Florida has given employers a new weapon in their trade secret protection arsenal: the Combatting Corporate Espionage in Florida Act. With the Biden Administration’s goal of curtailing non-competes and the Supreme Court’s narrow reading of a federal computer hacking law, employers are looking for additional ways to protect their sensitive business information. While seemingly targeted at foreign interference, the Corporate Espionage Act may provide additional domestic employer trade secret protections. The act was unanimously passed by the Florida Legislature in June and takes effect October 1, 2021.
In a news release by Florida Governor Ron DeSantis’ Office, the Act was endorsed as a protection against “foreign influence and [to] combat corporate espionage, keeping Florida’s intellectual property safe within the state’s boundaries.” Governor Ron DeSantis stated “China is a hostile foreign power, and every Governor has the responsibility to protect their education system, and every other entity within their purview, from the espionage and commercial theft undertaken by the Chinese Communist Party.” Governor DeSantis further stated that “numerous countries are working to infiltrate our state and nation.”
Interestingly, the Corporate Espionage Act not only provides for severe penalties when a foreign government is involved, but it also creates penalties when a “person” engages in theft or trafficking of trade secrets. The Act defines “person” broadly as a “natural person, corporation, business trust, estate, trust, partnership, association, joint venture, government, governmental subdivision or agency, or any other legal or commercial entity.”
Highlights of the Act
The Corporate Espionage Act, among other things:
- Creates new criminal offenses in Florida for anyone who traffics or attempts to traffic trade secrets.
- Increases offense penalties. Anyone who willfully and without authorization steals or attempts to steal a trade secret for their own benefit will now face a third-degree felony with up to five years in prison. Individuals attempting to sell stolen trade secrets will face a second-degree felony, punishable by up to 15 years in prison.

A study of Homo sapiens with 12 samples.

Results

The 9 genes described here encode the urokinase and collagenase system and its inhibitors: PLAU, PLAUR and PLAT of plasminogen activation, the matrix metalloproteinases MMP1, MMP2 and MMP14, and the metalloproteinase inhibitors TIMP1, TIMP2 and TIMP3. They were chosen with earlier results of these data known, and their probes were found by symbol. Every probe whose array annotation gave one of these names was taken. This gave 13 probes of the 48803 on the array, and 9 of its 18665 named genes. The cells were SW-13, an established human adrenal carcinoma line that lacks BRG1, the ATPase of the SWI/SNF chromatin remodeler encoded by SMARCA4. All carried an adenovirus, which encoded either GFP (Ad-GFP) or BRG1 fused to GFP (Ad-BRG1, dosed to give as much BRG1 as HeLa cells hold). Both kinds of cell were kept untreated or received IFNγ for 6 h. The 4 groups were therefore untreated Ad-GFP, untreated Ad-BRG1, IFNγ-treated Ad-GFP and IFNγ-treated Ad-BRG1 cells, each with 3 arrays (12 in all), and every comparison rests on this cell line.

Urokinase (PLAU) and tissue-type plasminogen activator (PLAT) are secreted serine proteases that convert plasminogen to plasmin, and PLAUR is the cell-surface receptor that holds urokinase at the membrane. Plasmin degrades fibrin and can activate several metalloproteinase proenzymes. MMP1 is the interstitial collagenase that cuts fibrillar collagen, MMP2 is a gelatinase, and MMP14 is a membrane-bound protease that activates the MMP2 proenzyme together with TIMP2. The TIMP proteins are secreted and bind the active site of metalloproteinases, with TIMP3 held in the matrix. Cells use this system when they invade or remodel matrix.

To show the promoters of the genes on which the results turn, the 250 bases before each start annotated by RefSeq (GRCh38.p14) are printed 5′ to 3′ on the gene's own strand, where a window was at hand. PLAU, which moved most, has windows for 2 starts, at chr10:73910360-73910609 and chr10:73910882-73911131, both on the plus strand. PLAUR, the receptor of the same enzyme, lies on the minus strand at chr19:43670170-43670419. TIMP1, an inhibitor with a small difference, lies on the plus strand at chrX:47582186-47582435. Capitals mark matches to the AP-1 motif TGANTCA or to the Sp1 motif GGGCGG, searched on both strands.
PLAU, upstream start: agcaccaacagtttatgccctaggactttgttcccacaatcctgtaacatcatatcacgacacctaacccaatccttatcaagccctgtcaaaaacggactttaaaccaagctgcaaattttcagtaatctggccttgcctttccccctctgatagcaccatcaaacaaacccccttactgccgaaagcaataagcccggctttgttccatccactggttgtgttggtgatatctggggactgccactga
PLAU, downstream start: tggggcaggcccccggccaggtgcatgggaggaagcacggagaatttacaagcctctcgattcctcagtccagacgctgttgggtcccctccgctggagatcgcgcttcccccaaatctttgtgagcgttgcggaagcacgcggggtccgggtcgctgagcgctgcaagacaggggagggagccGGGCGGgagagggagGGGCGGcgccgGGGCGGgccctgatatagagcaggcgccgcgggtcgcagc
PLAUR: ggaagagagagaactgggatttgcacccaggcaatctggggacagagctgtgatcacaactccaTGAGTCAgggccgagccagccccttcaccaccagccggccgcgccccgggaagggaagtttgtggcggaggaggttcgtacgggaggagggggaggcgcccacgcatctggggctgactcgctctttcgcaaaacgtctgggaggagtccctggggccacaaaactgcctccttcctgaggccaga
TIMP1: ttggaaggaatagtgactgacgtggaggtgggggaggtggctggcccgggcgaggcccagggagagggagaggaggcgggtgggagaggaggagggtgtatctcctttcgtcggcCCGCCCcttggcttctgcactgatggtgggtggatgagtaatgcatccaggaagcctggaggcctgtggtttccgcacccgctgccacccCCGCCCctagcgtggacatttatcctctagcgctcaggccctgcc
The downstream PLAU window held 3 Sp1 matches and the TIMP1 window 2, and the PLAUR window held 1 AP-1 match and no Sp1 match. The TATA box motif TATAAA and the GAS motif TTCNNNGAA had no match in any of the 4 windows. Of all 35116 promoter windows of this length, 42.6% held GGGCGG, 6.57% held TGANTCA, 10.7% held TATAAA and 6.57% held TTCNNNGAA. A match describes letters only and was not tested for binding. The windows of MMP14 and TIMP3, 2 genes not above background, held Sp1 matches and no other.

- Severely increases penalties if an individual or entity violates this law on behalf of a foreign government. The felony is reclassified one degree higher and the offense severity ranking is also increased.
Notably, the Corporate Espionage Act also specifically expands the previous definition of “trade secret” in the existing Florida criminal statute regarding theft of trade secrets to include scientific, technical or commercial information “whether tangible or intangible, and regardless of whether or how it is stored, compiled, or memorialized physically, electronically, graphically, photographically, or in writing.” This change comes in a time where much of employer data is electronically maintained in the cloud, or via other electronic means.
The passage of the Florida Corporate Espionage Act follows closely on the heels of a recent U.S. Supreme Court decision which derailed the ability of employers to sue employees under the Computer Fraud and Abuse Act (CFAA) for wrongfully taking the employer’s sensitive business data. The CFAA imposes both civil and criminal liability on anyone who “intentionally accesses a computer without authorization or exceeds authorized access.” In a recent decision we blogged about here, the Supreme Court interpreted the “exceeds authorized access” language as only applying to users who access a computer, or areas of a computer system, they have not been authorized to access. The Court rejected the argument that an employee violated the Act by using his/her authorized access for unauthorized purposes. The decision removed the CFAA as a potential tool for employers to protect their trade secrets from disloyal employees.
In a more recent setback to trade secret protections, President Biden’s July 9 Executive Order “encourage[d]” the Chair of the Federal Trade Commission to use rule-making to “curtail the unfair use of non-compete clauses and other agreements that may unfairly limit worker mobility.” As we have previously noted a few states already ban non-competes, and a dozen others restrict their use with low wage workers. While most states currently allow restrictive covenants to protect trade secrets and customer relationships, outright bans on working for a competitor are generally not favored.
How a new federal rule limiting the use of non-competes would impact the current patchwork of state laws governing non-competes is unclear. But if such a federal rule ever passes, state laws like Florida’s new Corporate Espionage Act may offer additional options to employers seeking to protect their valuable trade secrets. Not only does the Florida Corporate Espionage Act impose tougher criminal penalties for theft and trafficking of trade secrets, it also creates a civil cause of action on behalf of the “person who owns a trade secret that was unlawfully obtained or used.” The Florida Corporate Espionage Act provides for an action “to enjoin the continued improper use of such trade secret, and a court may require affirmative actions to protect the trade secret.” When equitable remedies are inadequate, the court may also require the payment of a “reasonable royalty” for the continued use of the trade secret.
For help with protecting your trade secrets or other workplace issues, contact your Akerman attorney.